What Is Gout?
Sudden, Intense Joint Pain
Gout is a form of arthritis that causes the sudden onset of intense pain and swelling in the joints, which also may be warm and red. Attacks frequently occur at night and can be triggered by stressful events, alcohol or drugs, or the presence of another illness. Early attacks usually subside within 3 to 10 days, even without treatment, and the next attack may not occur for months or even years.
Where Gout Usually Occurs
Sometime during the course of the disease, many patients will develop gout in the big toe. Gout frequently affects joints in the lower part of the body such as the ankles, heels, knees, or toes.
Who is at Risk?
Adult men, particularly those between the ages of 40 and 50, are more likely to develop gout than women, who rarely develop the disease before menstruation ends.
Before an attack, needle-like crystals of uric acid build up in connective tissue, in the joint space between two bones, or in both. Uric acid is a substance that results from the breakdown of purines, which are part of all human tissue and are found in many foods. Normally, uric acid is dissolved in the blood and passed through the kidneys into the urine, where it is eliminated.
If there is an increase in the production of uric acid or if the kidneys do not eliminate enough uric acid from the body, levels of it build up in the blood (a condition called hyperuricemia). Hyperuricemia also may result when a person eats too many high-purine foods, such as liver, dried beans and peas, anchovies, and gravies. Hyperuricemia is not a disease, and by itself it is not dangerous. However, if too many uric acid crystals form as a result of hyperuricemia, gout can develop. The crystals form and build up in the joint, causing inflammation.
Stages of Gout
Gout can progress through four stages.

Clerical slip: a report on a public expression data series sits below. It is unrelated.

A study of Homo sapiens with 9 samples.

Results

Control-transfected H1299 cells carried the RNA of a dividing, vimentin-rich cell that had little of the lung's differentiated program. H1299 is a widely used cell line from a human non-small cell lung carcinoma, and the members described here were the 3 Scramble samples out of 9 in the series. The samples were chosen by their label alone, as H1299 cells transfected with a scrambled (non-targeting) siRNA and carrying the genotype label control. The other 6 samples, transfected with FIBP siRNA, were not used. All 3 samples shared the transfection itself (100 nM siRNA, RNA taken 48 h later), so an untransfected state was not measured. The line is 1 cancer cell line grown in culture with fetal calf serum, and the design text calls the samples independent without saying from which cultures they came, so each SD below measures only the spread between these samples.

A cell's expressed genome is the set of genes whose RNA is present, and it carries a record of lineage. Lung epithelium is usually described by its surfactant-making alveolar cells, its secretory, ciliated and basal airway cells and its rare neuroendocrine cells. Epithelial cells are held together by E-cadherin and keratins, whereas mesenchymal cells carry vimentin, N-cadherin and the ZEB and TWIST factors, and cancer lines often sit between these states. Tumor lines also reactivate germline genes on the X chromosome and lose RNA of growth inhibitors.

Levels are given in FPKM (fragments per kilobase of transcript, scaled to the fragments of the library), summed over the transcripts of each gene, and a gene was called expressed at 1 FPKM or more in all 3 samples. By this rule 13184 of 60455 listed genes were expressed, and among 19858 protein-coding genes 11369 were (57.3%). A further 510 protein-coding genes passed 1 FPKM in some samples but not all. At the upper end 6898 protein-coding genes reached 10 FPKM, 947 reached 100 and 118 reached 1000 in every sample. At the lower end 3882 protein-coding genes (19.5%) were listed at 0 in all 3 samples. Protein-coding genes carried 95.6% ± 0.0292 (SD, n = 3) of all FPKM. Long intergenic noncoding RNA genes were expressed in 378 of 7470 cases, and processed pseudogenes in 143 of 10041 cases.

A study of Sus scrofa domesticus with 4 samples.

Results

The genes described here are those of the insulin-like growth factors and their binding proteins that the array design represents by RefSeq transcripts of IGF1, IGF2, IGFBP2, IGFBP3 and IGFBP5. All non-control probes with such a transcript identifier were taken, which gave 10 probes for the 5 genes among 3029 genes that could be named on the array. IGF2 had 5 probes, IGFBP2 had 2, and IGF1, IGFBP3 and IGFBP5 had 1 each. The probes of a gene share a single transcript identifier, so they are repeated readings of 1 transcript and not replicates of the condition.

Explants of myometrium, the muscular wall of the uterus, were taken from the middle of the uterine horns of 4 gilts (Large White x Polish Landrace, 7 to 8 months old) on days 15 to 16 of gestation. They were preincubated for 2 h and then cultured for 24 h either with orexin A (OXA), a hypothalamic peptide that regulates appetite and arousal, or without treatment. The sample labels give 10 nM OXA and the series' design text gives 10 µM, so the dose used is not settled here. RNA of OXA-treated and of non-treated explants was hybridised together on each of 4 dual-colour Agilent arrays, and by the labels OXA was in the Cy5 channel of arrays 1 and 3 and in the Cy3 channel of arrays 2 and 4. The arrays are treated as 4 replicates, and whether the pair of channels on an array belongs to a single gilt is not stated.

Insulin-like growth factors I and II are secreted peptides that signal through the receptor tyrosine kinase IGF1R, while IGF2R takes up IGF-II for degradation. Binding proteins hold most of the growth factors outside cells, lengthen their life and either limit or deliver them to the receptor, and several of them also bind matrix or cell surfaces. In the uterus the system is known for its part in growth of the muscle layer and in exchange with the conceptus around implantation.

- Asymptomatic (without symptoms) hyperuricemia. In this stage, a person has elevated levels of uric acid in the blood (hyperuricemia), but no other symptoms. Treatment is usually not required.
- Acute gout, or acute gouty arthritis. In this stage, hyperuricemia has caused uric acid crystals to build up in joint spaces. This leads to a sudden onset of intense pain and swelling in the joints, which also may be warm and very tender. An acute (sudden) attack commonly occurs at night and can be triggered by stressful events, alcohol or drugs, or the presence of another illness. Attacks usually subside within 3 to 10 days, even without treatment, and the next attack may not occur for months or even years. Over time, however, attacks can last longer and occur more frequently.
- Interval or intercritical gout. This is the period between acute attacks. In this stage, a person does not have any symptoms.
- Chronic tophaceous (toe FAY shus) gout. This is the most disabling stage of gout. It usually develops over a long period, such as 10 years. In this stage, the disease may have caused permanent damage to the affected joints and sometimes to the kidneys. With proper treatment, most people with gout do not progress to this advanced stage.